A catastrophic fire warning has been issued for Darwin and Adelaide River areas while most parts of the Territory are under severe fire danger as the Top End faces “dangerous and rare” weather conditions, the Bureau of Meteorology said.
“This is a pretty rare condition for the top end and for the Territory in general. We very rarely see fire dangers this extreme,” senior weather forecaster Chris Kent told the ABC Breakfast show Thursday morning.
“This [situation] is something that we definitely need to prepare for today and take note of.”
An early weather bulletin released by BOM, said that a ridge of high pressure over central Australia and a strengthening ridge over the Queensland coast will maintain hot, dry and very windy conditions across northern NT.
“We’re expecting today to be the gustiest day so far,” Mr Kent said. “We’re also expecting very dry, windy, and, hot condition to peak today resulting in catastrophic fire danger.”
Bushfires had burned across the Top End all week, keeping bushfire crews busy and waterbombing some rural areas. On Thursday morning, a new bushfire along Strickland Road at Adelaide River that had fire officials closing a stretch of the Stuart Highway and warning the public to take safety measures.
A severe fire danger has been declared in Carpentaria, Gregory, Northern Fire Protection Area, Daly South, Arnhem West, and Katherine Fire Protection Area.
The fire weather warning for the Tiwi forecast district has been cancelled, according to BOM.
‘Very dangerous and rare conditions’
The recent “dangerous and rare” weather conditions in the NT have not been experienced in the Top End since 2015, experts say.
“Certainly, in the scientific side of things and the weather side of things, we’re really pushing the boundaries in terms of the historical records,” the BOM’s Todd Smith told the ABC.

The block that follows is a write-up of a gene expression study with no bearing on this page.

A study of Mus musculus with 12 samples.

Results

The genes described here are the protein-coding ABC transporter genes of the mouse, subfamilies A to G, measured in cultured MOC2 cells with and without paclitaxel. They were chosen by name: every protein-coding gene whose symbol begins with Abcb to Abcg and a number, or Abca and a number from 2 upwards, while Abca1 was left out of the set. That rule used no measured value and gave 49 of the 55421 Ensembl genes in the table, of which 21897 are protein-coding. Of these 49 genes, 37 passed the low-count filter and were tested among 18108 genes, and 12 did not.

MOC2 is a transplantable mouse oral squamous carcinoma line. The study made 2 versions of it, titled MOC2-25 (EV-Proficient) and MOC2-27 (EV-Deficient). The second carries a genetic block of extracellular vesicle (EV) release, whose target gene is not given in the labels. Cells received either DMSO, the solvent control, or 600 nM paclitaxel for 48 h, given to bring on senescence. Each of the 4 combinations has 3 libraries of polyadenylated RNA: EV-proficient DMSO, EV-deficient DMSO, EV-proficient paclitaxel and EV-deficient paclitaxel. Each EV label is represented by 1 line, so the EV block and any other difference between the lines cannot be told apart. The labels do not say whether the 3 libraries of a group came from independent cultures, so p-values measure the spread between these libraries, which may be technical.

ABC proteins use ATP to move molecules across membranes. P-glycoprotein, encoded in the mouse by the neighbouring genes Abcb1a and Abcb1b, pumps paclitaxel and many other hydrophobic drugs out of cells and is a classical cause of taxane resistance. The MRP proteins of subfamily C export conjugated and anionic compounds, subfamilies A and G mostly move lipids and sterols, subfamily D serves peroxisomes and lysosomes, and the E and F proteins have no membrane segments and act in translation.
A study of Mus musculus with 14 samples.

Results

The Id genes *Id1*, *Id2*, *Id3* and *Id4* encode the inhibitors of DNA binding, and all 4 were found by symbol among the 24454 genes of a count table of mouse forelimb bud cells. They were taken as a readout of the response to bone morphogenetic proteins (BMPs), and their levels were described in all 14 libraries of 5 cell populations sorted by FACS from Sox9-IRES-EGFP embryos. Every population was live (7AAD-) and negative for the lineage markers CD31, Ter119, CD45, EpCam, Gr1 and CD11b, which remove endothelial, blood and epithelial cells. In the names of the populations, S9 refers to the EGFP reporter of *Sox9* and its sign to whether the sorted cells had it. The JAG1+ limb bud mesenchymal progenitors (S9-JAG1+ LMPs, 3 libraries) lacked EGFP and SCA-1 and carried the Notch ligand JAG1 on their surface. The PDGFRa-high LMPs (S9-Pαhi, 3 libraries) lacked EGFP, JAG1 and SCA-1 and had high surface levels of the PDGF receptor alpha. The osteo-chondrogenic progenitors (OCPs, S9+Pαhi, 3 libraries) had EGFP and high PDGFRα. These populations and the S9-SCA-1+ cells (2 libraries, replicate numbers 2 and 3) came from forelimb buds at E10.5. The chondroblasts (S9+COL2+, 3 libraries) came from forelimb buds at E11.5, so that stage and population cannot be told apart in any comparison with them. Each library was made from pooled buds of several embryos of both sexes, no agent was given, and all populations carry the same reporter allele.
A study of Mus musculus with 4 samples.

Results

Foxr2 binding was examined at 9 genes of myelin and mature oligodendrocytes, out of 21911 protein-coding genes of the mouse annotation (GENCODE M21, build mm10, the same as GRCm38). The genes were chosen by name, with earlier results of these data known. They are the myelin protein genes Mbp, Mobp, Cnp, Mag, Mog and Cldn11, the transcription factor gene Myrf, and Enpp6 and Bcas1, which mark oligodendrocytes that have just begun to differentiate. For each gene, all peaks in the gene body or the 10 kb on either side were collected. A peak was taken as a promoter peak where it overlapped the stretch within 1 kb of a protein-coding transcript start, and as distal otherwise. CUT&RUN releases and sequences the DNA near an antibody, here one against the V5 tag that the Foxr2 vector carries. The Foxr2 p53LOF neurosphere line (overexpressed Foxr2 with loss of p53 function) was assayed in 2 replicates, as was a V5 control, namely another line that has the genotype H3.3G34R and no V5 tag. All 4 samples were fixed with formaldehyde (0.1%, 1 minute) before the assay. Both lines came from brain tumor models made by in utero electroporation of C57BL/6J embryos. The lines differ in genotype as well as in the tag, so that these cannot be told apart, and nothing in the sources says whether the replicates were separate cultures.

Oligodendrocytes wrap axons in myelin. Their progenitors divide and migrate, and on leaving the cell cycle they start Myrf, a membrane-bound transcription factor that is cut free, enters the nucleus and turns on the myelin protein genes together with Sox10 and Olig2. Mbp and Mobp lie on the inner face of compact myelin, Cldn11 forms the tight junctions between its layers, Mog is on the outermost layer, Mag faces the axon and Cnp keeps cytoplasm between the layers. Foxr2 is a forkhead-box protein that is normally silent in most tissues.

“But just don’t let that distract from the fact that it’s going to be a really bad fire (day) and also the day after and even through into Saturday.”
Bushfires NT Chief Fire Control Officer Andrew Turner meanwhile said his men have been gearing up for the dangerous conditions.
“We’re ready to face what comes today,” he said. “This is probably the worst fire weather we would have faced in the last 10 years or so.”
He also said that due to the extreme high dry conditions and the winds in the Top End today, a fire could be near impossible to control.
Several popular tourist and bushwalking sites, including parts of the Litchfield and Nitmiluk national parks, and the Territory Wildlife Park have been forced to close.
Bushfires NT executive director Collene Bremner warned that the best fire precautions may not be sufficient in the extreme weather even when volunteer crews had been working hard throughout the Top End’s dry season to establish fire breaks. Others have been told that if they haven’t already taken fire precautions, it is too late.
“When a fire starts under these conditions, it will go like the clappers,” Ms Bremner said.
“And you’re talking potentially 65 kph winds.”
Ms Bremner urged Territorians under fire warning to clear away anything outdoors that might catch alight including gas bottles, old furniture or other stored flammable equipment.